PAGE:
United States Patent

December 23, 2014
View the Complete Patent at the US Patent & Trademark Office
A c-axis-oriented HAP thin film synthesized by seeded growth on a palladium hydrogen membrane substrate. An exemplary synthetic process includes electrochemical seeding on the substrate, and secondary and tertiary hydrothermal treatments under conditions that favor growth along c-axes and a-axes in sequence. By adjusting corresponding synthetic conditions, an HAP this film can be grown to a controllable thickness with a dense coverage on the underlying substrate. The thin films have relatively high proton conductivity under hydrogen atmosphere and high temperature conditions. The c-axis oriented films may be integrated into fuel cells for application in the intermediate temperature range of C. The electrochemical-hydrothermal deposition technique may be applied to create other oriented crystal materials having optimized properties, useful for separations and catalysis as well as electronic and electrochemical applications, electrochemical membrane reactors, and in chemical sensors. Additional high-density and gas-tight HAP film compositions may be deposited using a two-step deposition method that includes an electrochemical deposition method followed by a hydrothermal deposition method. The two-step method uses a single hydrothermal deposition solution composition. The method may be used to deposit HAP films including but not limited to at least doped HAP films, and more particularly including carbonated HAP films. In addition, the high-density and gas-tight HAP films may be used in proton exchange membrane fuel cells.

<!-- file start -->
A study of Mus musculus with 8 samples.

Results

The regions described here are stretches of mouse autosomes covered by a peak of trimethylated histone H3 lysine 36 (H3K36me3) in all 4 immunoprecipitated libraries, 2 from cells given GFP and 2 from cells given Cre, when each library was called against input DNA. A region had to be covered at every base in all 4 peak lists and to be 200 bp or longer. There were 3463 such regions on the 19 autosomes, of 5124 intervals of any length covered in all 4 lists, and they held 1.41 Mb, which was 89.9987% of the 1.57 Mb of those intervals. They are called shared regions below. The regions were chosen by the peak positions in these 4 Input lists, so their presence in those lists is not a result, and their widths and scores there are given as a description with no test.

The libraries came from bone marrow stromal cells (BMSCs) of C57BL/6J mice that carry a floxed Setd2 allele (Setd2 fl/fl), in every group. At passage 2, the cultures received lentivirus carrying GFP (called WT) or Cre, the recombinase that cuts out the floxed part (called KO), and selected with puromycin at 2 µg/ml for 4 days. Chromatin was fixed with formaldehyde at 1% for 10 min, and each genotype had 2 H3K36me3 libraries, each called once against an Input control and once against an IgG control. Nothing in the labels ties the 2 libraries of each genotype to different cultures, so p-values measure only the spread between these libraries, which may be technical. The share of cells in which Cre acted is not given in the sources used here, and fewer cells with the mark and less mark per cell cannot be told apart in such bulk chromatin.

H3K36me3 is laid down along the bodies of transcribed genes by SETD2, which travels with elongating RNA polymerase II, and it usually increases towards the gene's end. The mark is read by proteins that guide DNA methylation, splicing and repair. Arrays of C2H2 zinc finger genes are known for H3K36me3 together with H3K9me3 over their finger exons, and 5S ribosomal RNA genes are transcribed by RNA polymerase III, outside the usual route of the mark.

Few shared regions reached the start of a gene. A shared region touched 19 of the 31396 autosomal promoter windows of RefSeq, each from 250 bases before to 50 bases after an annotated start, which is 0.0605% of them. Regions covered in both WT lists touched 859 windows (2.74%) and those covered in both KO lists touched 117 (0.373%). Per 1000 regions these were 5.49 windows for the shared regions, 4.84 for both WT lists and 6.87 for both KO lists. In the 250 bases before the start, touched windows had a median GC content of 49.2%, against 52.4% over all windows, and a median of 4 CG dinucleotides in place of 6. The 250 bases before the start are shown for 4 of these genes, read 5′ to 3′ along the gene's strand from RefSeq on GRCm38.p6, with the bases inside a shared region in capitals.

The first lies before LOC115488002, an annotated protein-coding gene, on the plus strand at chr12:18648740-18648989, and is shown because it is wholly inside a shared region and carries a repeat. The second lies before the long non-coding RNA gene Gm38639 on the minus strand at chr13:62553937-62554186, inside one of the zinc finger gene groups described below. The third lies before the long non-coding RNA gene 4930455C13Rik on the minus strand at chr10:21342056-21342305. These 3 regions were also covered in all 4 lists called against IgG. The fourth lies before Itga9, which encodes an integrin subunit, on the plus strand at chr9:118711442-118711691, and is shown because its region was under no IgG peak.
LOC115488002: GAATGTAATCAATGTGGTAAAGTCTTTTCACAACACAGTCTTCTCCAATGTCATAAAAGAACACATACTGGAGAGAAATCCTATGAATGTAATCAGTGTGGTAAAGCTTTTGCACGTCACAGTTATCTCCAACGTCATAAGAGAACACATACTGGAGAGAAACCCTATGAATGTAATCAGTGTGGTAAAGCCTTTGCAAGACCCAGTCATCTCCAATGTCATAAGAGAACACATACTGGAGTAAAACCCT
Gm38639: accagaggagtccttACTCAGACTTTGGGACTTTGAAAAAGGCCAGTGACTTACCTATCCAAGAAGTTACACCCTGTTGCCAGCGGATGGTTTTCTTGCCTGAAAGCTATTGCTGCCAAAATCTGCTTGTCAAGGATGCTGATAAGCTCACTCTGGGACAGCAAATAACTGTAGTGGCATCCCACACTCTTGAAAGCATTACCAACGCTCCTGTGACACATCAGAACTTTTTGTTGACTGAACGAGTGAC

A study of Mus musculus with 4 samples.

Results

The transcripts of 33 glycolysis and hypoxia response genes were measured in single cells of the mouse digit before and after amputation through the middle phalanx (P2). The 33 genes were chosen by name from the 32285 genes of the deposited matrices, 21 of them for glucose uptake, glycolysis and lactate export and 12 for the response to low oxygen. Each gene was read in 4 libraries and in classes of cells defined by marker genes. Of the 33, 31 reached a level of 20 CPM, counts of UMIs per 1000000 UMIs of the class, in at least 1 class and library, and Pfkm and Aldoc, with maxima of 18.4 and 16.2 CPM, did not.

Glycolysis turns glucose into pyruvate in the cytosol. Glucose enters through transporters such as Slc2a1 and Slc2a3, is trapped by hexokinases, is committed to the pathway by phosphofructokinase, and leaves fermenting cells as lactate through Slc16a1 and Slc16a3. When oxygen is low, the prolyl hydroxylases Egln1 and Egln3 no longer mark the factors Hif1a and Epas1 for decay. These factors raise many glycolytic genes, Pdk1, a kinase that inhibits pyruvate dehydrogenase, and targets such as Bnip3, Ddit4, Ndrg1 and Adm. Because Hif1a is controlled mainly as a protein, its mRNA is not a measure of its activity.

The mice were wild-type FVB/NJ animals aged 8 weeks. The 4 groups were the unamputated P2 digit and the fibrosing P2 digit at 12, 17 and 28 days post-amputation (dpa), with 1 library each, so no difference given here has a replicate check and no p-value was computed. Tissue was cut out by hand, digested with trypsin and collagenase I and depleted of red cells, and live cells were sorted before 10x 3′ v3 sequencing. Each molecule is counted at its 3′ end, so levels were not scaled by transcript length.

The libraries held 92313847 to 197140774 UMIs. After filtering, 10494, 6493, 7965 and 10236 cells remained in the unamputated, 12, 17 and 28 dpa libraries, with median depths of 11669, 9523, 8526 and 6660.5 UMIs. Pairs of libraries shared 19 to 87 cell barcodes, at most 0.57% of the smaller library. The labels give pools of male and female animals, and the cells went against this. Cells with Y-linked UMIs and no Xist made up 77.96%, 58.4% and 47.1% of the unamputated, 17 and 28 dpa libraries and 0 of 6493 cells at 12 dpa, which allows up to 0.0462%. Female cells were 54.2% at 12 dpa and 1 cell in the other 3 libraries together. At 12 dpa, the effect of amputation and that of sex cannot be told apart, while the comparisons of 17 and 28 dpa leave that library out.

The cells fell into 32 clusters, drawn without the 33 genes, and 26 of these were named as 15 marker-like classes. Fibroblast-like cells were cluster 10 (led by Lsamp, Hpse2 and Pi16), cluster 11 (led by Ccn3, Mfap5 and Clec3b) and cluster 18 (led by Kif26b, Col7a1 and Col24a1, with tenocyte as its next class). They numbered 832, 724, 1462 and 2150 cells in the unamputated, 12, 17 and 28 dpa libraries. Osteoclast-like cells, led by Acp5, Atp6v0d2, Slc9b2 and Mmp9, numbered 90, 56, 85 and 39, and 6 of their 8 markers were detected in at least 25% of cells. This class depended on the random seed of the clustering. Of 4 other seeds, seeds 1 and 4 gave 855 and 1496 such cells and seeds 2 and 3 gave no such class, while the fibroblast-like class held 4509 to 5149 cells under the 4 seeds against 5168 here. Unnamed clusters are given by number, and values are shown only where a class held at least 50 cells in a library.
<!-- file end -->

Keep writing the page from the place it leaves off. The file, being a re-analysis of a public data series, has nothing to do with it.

Yates; Matthew (Fairport, NY), Xue; Wei (Rochester, NY)
University of Rochester (Rochester, NY)
13/ 213,566
August 19, 2011
FEDERALLY SPONSORED RESEARCH This invention was made with government support under Contract Nos. DE-FG02-05ER15722 and DE-FC03-92SF19460 awarded by the United States Department of Energy, and under Contract No. CMMI-0856128 awarded by the National Science Foundation (NSF). The government has certain rights in the invention.